U.S. Secretary of Defense Jim Mattis abruptly quit his post Thursday after President Donald Trump overruled his advice against pulling troops out of Syria.
President Donald Trump's decision to withdraw troops from Syria has perhaps come back to bite him where it hurts, as his Secretary of Defense, Jim Mattis, resigned in frustration Thursday
Mattis, perhaps the most respected foreign policy official in Trump’s administration, will leave by the end of February after two tumultuous years struggling to soften and moderate the president’s hardline and sometimes sharply changing policies. He told Trump in a letter that he was leaving because “you have a right to have a Secretary of Defense whose views are better aligned with yours.”
Trump said in a tweet that Mattis was retiring, but that’s not what Mattis said.
The announcement came a day after Trump surprised U.S. allies and members of Congress by announcing the withdrawal of all U.S. troops from Syria, and as he continues to consider shrinking the American deployment in Afghanistan.
Trump’s decision to pull troops out of Syria has been sharply criticized for abandoning America’s Kurdish allies, who may well face a Turkish assault once U.S. troops leave, and had been staunchly opposed by the Pentagon.
General Jim Mattis will be retiring, with distinction, at the end of February, after having served my Administration as Secretary of Defense for the past two years. During Jim’s tenure, tremendous progress has been made, especially with respect to the purchase of new fighting....— Donald J. Trump (@realDonaldTrump) December 20, 2018
....equipment. General Mattis was a great help to me in getting allies and other countries to pay their share of military obligations. A new Secretary of Defense will be named shortly. I greatly thank Jim for his service!— Donald J. Trump (@realDonaldTrump) December 20, 2018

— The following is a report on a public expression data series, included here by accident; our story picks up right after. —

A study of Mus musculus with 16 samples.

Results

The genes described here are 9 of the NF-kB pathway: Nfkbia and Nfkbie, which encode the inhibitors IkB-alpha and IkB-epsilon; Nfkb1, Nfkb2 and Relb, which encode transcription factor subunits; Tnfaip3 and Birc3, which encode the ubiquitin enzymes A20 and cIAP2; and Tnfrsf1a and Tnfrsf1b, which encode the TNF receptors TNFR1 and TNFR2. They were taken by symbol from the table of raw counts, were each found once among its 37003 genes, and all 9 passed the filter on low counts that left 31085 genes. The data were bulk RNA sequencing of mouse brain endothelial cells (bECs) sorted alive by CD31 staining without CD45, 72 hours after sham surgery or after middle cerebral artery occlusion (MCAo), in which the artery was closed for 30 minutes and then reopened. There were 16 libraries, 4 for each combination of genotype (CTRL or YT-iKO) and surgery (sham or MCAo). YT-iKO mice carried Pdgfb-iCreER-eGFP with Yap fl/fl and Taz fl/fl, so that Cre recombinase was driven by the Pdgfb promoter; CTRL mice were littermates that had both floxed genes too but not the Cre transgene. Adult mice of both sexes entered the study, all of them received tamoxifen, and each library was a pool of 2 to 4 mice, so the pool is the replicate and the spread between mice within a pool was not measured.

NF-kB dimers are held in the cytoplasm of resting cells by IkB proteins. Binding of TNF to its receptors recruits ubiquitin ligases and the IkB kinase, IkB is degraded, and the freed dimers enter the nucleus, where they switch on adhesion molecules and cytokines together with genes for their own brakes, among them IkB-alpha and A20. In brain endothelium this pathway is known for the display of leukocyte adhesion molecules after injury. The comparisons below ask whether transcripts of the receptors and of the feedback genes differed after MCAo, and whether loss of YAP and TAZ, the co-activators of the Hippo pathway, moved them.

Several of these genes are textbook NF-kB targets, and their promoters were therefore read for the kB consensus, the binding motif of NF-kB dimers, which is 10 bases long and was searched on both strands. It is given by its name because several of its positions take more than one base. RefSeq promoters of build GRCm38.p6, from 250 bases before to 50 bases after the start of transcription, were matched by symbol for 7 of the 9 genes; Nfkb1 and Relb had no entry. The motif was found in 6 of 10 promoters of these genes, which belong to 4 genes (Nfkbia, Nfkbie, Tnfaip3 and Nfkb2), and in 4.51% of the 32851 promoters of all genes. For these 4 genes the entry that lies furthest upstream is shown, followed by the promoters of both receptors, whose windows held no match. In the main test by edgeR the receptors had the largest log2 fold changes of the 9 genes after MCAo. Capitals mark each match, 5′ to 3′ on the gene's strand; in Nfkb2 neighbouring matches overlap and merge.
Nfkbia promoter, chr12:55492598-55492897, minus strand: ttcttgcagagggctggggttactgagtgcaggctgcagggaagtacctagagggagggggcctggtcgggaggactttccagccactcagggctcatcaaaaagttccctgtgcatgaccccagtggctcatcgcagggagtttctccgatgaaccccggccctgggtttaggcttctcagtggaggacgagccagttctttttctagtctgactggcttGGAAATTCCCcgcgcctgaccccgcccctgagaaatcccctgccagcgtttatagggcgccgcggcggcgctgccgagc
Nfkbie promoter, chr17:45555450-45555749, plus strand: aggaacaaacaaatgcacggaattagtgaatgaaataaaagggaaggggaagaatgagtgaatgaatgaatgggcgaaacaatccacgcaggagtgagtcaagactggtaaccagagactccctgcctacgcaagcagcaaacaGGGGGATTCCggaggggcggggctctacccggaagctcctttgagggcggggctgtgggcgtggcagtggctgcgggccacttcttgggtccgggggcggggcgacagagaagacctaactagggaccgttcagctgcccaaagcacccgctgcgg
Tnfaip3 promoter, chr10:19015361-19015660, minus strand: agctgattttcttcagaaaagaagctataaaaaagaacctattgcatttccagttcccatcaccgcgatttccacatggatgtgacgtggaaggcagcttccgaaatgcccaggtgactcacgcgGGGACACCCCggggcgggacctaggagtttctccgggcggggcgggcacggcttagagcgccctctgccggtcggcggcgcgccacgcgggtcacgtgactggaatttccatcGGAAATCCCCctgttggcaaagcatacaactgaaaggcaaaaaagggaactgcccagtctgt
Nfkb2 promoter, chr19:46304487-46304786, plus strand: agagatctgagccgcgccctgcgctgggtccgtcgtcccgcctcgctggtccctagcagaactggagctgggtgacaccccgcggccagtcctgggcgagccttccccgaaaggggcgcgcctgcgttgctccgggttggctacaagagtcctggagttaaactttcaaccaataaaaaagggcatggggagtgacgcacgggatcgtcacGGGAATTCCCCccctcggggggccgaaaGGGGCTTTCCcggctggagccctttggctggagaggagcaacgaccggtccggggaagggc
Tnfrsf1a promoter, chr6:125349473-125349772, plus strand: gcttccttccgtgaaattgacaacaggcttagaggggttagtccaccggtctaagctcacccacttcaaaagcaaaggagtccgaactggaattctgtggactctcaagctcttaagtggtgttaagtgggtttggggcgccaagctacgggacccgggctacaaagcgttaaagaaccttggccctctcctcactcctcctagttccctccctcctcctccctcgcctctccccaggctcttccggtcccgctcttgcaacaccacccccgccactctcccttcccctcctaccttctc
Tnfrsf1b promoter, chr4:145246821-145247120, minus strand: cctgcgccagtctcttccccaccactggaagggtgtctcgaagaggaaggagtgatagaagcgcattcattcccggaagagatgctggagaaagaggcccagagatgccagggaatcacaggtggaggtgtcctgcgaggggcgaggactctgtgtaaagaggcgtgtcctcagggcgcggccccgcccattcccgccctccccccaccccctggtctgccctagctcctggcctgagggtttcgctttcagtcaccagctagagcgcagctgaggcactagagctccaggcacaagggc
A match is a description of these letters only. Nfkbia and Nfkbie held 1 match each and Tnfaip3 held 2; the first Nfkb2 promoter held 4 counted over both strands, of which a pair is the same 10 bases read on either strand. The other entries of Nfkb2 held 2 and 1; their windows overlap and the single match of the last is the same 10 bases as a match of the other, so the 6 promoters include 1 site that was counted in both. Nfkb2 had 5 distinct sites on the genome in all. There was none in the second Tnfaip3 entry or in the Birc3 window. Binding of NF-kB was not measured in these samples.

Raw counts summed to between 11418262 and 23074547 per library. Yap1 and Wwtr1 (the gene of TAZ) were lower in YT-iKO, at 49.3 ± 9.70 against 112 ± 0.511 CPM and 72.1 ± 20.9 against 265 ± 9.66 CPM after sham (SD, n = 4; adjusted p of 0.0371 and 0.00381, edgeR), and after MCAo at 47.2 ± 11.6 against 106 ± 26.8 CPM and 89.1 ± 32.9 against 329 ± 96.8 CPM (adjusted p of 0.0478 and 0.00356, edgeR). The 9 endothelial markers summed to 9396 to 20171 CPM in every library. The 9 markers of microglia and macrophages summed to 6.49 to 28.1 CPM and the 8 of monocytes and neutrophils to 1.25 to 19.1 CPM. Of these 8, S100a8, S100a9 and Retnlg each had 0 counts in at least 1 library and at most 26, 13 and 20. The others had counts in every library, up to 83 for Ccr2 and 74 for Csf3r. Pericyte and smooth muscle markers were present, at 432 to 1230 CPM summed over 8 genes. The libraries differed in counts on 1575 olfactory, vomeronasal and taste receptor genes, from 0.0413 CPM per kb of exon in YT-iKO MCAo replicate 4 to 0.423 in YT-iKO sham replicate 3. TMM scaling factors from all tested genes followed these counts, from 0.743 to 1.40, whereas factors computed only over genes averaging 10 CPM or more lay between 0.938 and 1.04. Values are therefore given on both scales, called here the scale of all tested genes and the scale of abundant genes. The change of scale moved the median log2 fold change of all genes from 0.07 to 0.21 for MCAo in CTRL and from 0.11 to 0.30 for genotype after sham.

“While the U.S. remains the indispensable nation in the free world, we cannot protect our interests or serve that role effectively without maintaining strong alliances and showing respect to those allies,” Mattis wrote.
His departure was quickly lamented by foreign policy hands on both sides of the aisle, who viewed him as a sober voice of experience in the ear of a president who had never before held political office or served in the military.
Last year, Republican Sen. Bob Corker — a frequent Trump critic — said Mattis, along with White House chief of staff John Kelly and then-Secretary of State Rex Tillerson, were helping “separate our country from chaos.”
Tillerson was fired early this year. Kelly is to leave the White House in the coming days.
“This is scary,” reacted Senate Intelligence committee Vice Chairman Mark Warner, D-Va., on Twitter. “Secretary Mattis has been an island of stability amidst the chaos of the Trump administration.”
Mattis’ departure has long been rumored, but officials close to him have insisted that the battle-hardened retired Marine would hang on, determined to bring military calm and reason to the administration’s often chaotic national security decisions and soften some of Trump’s sharper tones with allies.
A White House official said Mattis informed Trump of his decision to leave the administration Thursday afternoon. Trump said a replacement would be chosen soon.
The two quickly clashed on major policy decisions.
During his first conversations with Trump about the Pentagon job, Mattis made it clear that he disagreed with his new boss in two areas: He said torture doesn’t work, despite Trumps assertion during the campaign that it did, and he voiced staunch support for traditional U.S. international alliances, including NATO, which Trump repeatedly criticized.